You should be so lucky as us, to get a prime table on the sidewalk at Mrs. London’s Bakery on a splendid summer day. Even better, we’d just missed the brunch rush, we were told.
Inside, the atmosphere feels more European than anything around here. The store is charming, the fixtures luxurious and the glass cases containing exquisite baked goods glow with an almost otherworldly light.
So after you’ve had a good look around at the cozy tables, the well-appointed dining room with its framed accolades from national publications and the stacked loaves of fresh-baked bread behind the counter, you might be ready to order.
They’re open for breakfast, lunch or a late-day snack; you’ll have to go next door to Max London’s for dinner. In addition to the posh cakes and tarts, there are sandwiches, quiches, salads and soups.
Starting with breakfast, you can have an apple, pecan or cheese danish, any number of croissants, brioche, tarts and scones. A classic croissant is $2.95; the apple tart $5.75.
Sandwiches are ample, served on fresh bread, croissants or baguettes. Lovely grilled sandwiches ($10) are served on soft pain de mie bread, a fine-textured, moist white bread, all softness and not much crust. Or get a panini on crisp-crusted ciabatta ($10.50), classic or seasonal quiche ($7.50), or homemade soup. Leave room for dessert.
It’s counter service, and once you get past the dazzling refined baked goods in the luminous cases, you’ll notice that one is filled with sandwiches and quiches. That’s where you’ll look for your lunch.
I don’t need to tell you how hard it is to choose, but we did, and the competent person at the counter told us she’d bring our drinks right out. And she did.
We didn’t have much time to people-watch before our lovely meals appeared. Sheryl chose the French ham croque, a variant of the classic ham-and-cheese grilled sandwich, croque monsieur. This one’s not dipped in beaten eggs before grilling — it’s lighter and less messy.
It’s a lovely sandwich ($10), served with three adorable, diminutive half-sour pickles. The pain de mie bread is cottony, like the center of a loaf of white bread, and perfect for grilling.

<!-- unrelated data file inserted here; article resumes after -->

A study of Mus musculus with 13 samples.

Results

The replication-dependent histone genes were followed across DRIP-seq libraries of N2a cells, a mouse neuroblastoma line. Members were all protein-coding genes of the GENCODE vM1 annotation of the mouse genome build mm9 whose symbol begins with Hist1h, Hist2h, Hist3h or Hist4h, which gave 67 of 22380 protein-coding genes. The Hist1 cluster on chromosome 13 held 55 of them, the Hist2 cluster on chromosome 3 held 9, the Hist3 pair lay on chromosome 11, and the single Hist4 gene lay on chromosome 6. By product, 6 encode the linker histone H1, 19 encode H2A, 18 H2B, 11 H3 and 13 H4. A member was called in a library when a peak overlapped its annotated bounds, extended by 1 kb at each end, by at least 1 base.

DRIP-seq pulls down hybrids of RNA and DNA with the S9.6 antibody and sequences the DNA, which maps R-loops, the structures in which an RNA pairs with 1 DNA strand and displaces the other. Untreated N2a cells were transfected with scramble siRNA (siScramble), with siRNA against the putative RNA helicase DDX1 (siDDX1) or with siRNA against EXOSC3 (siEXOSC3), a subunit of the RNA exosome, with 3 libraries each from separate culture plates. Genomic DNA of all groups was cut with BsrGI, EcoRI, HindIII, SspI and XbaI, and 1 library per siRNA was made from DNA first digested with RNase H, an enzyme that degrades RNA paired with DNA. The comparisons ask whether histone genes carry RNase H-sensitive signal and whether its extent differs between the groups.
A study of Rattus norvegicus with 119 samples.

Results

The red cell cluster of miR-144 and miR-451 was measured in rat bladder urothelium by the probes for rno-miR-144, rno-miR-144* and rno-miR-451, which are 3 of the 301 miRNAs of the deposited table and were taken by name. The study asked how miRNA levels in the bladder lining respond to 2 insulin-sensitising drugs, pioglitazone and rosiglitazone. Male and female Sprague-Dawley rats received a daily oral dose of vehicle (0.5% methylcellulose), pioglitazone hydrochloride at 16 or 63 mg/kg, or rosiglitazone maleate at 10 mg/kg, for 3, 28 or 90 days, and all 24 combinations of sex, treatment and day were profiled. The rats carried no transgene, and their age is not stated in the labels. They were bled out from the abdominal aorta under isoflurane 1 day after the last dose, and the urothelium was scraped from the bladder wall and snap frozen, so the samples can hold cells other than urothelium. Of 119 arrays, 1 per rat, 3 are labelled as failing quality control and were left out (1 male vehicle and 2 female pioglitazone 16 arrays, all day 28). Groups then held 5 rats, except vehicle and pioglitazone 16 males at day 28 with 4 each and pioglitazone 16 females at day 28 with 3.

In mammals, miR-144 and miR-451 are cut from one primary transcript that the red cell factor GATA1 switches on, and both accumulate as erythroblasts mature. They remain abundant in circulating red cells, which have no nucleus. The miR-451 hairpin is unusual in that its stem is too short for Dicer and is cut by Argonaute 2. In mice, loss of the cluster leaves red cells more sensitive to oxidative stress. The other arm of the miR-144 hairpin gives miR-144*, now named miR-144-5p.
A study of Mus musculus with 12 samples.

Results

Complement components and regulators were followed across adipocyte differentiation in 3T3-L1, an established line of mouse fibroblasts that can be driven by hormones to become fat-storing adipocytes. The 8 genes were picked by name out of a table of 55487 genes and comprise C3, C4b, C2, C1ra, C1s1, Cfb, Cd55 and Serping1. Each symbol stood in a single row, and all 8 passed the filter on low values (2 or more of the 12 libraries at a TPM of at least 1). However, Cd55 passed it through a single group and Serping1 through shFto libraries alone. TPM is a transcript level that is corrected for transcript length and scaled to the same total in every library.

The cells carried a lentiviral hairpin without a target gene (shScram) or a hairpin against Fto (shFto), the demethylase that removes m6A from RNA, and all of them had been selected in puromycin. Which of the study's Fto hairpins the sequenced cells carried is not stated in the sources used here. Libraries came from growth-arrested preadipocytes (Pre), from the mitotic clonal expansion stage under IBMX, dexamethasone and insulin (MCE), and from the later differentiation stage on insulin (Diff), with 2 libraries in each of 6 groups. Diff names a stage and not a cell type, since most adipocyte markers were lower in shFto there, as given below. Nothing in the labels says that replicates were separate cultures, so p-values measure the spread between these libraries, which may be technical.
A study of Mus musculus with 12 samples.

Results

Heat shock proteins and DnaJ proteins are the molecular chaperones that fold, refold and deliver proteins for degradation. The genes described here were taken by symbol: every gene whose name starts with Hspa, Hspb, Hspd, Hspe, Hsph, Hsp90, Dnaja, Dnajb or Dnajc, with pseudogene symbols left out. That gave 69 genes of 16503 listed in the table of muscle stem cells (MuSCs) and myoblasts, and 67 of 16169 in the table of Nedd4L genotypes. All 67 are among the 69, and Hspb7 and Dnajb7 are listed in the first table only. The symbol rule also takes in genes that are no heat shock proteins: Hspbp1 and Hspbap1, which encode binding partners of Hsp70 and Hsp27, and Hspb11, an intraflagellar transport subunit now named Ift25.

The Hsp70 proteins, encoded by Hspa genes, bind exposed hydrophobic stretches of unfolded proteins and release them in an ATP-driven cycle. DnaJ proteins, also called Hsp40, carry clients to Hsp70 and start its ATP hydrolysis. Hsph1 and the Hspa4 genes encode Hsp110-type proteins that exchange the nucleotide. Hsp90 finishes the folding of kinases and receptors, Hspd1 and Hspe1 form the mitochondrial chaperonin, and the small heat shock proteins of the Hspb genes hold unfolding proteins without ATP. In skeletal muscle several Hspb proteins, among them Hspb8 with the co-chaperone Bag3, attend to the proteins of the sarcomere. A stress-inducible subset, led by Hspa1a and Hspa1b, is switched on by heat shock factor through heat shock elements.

“It looks buttered but it’s not greasy,” Sheryl said, turning over the sandwich. It was evenly browned, the Gruyere pleasantly melted, a little extra moisture provided by a bit of béchamel sauce. The ham had enough flavor that only a few slices were needed.
It reminded me of the time husband Eric and I were on a Lufthansa flight to Switzerland when the lunch cart rolled up. There were miniature sandwiches on brown bread that didn’t look like much, but each component was outstanding — the one slice of ham, the one piece of cheese, the rich, moist bread, each excellent in its way, the result completely satisfying. Mrs. London’s has figured that out — you don’t need a lot if you use good ingredients.
Mrs. London’s gets points for a great side salad ($2 extra), tossed with just enough dressing to make the leaves glisten.
I had a tomato, mozzarella and basil panini ($10.50) on grilled ciabatta, a bread with big holes and a flat shape. It was flatter still after the panini press, the crust crisp like corn flakes when I took a bite. The thick slices of mozzarella were oozing out the sides of the sandwich a bit in the most appealing way.
Again, good ingredients here: the basil was assertive, reminding you it was there with every bite; a bit of olive oil added richness, moisture and flavor. The crunch of the bread, acid from the tomato, fat from the cheese and oil and sharpness of the basil created a complete profile, a smooth blend of flavors.
We finished our sandwiches, accompanied by hot coffee for Sheryl ($2.50) and sparking Saratoga water in wild berry flavor ($2) for me. In colder weather I’d have had hot chocolate ($3.75); later in the day perhaps a glass of house wine.
I headed back inside to get dessert, a handsome cannoli for Sheryl ($5.50) and two macarons for me ($2.50 each).
“There are real pistachios on the ends,” commented Sheryl. “And it’s dusted with cocoa.” The filling was the color of cafe au lait, flavored with bits of citrus and dried fruit, an upscale cannoli. “The shell is crispy,” she observed.
Mrs. London’s has Parisian-style macarons made with almond flour, as they’re made in France, Italy and other parts of Europe. They are notoriously finicky to make, but the outcome here is beautiful and delicious, with bright colors, chewy texture and either ganache or cream filling.
The strawberry variety had the flavor of fresh fruit and the cream tasted of butter. Mrs. London’s also offers a decadent chocolate cake, the Nebula, that’s also gluten-free.
The tab for this elegant lunch came to $40.13, with tax, and we added a few bucks to the tip jar.
At breakfast or lunchtime during the track season, there is no better place to be than on the sidewalk at Mrs. London’s on a beautiful day, watching the tony Saratoga summer crowd amble by. That there is delicious food brought to you by competent staff is a bonus.
Mrs. London’s Bakery
WHERE: 464 Broadway, Saratoga Springs; 518-581-8100; mrslondonsbakery.com
WHEN: 7 a.m. to 7 p.m. daily
HOW MUCH: $40.13 with tax, plus a few bucks in the tip jar
MORE INFO: ADA compliant. Parking on street or in municipal lot. Credit cards: Mastercard, Visa, American Express.